Survey: How hospital leaders are responding to the opioid crisis

Opioid prescription
About 1 in 5 health system leaders said the opioid epidemic had a limited impact on their overall ability to serve patients.(Getty/eggeeggjiew)

Hospitals are being forced to reallocate resources to respond to the opioid epidemic, according to a recent survey (PDF) from health consulting group Vizient Inc.

In the survey of about 90 member hospital and health system leaders, about 30% reported seeing the increased volume of opioid-related admissions causing longer wait times for all patients. Two in three health system leaders said their organization increased their investment in opioid medication management in the last year and nearly 30% said resources had been diverted from other areas of their facility to deal with the opioid epidemic. 

RELATED: Philadelphia fell victim to the opioid epidemic. Its largest insurer is trying to save it


2019 Drug Pricing and Reimbursement Stakeholder Summit

Given federal and state pricing requirements arising, press releases from industry leading pharma companies, and the new Drug Transparency Act, it is important to stay ahead of news headlines and anticipated requirements in order to hit company profit targets, maintain value to patients and promote strong, multi-beneficial relationships with manufacturers, providers, payers, and all other stakeholders within the pricing landscape. This conference will provide a platform to encourage a dialogue among such stakeholders in the pricing and reimbursement space so that they can receive a current state of the union regarding regulatory changes while providing actionable insights in anticipation of the future.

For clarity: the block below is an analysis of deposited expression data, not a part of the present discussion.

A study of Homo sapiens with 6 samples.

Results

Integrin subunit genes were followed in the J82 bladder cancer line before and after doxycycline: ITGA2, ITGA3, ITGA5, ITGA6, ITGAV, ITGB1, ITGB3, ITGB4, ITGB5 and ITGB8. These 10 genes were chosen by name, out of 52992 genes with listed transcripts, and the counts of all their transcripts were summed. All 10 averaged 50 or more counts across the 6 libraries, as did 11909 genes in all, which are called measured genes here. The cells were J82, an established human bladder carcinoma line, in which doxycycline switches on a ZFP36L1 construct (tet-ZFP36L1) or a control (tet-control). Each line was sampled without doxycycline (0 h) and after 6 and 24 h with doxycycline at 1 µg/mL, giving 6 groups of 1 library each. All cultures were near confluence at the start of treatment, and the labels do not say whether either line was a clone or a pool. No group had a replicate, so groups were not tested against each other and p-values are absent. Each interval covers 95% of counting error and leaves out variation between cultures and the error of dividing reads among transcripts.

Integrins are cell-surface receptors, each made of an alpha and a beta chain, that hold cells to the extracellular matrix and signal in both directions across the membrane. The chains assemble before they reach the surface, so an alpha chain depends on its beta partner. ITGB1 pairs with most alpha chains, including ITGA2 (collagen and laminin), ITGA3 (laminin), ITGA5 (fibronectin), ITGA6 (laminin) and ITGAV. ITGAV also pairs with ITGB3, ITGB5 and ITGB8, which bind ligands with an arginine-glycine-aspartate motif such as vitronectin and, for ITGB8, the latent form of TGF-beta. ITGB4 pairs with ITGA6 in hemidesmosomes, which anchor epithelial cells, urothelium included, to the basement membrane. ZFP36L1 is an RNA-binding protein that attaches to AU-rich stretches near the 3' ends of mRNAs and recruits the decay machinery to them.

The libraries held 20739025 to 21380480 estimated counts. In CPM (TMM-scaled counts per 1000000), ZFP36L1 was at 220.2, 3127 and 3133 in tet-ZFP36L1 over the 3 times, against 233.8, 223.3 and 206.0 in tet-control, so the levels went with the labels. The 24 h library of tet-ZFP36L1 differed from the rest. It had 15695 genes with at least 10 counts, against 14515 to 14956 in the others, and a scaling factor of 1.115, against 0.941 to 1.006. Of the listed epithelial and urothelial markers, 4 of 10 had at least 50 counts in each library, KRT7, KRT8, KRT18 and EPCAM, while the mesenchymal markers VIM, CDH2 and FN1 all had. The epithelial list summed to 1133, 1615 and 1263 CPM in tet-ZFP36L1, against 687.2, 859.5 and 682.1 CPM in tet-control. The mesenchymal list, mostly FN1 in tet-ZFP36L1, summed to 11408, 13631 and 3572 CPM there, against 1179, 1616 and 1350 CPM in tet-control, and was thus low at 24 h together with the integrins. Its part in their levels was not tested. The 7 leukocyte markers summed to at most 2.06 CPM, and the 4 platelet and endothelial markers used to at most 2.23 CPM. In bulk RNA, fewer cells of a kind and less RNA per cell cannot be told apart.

About 1 in 5 health system leaders said the opioid epidemic had a limited impact on their overall ability to serve patients.

So what responses did healthcare leaders believe have been most effective?

The survey found 78% allocated resources to new prescriber education, 56% added new technologies to monitor prescribing and 54% began offering new alternatives for pain management. They also pointed to prescriber limits on dosage/quantities (44%), safe disposal of old medications (43%) and opioid stewardship programs (33%). 

The changes they indicated were most helpful included offering dosage guidelines for acute care patients upon discharge with 74% of those from facilities that have put them in place saying they were most effective. Two in three leaders said adopting new dosage guidelines was very effective, and half said investing in new technologies was most effective.

"The process changes hospitals have implemented on the front lines of the opioid epidemic are beginning to play their part in curbing abuse and misuse," said Jim Lichauer, project manager of performance improvement collaboratives and advisory for Vizient in a statement. "Equally important is the need to create a culture within hospitals that understands and is sensitive to substance use disorders, especially opioids."

Suggested Articles

Two lawsuits were filed suing the Trump administration to overturn a new rule that would allow healthcare workers to deny care over religious or conscience…

Policy changes are affecting how investors view the skilled home health market and paving the way for potential strategic acquisitions.

JLABS executive Kate Merton talks about the JLABS model and Johnson & Johnson’s interest in digital health.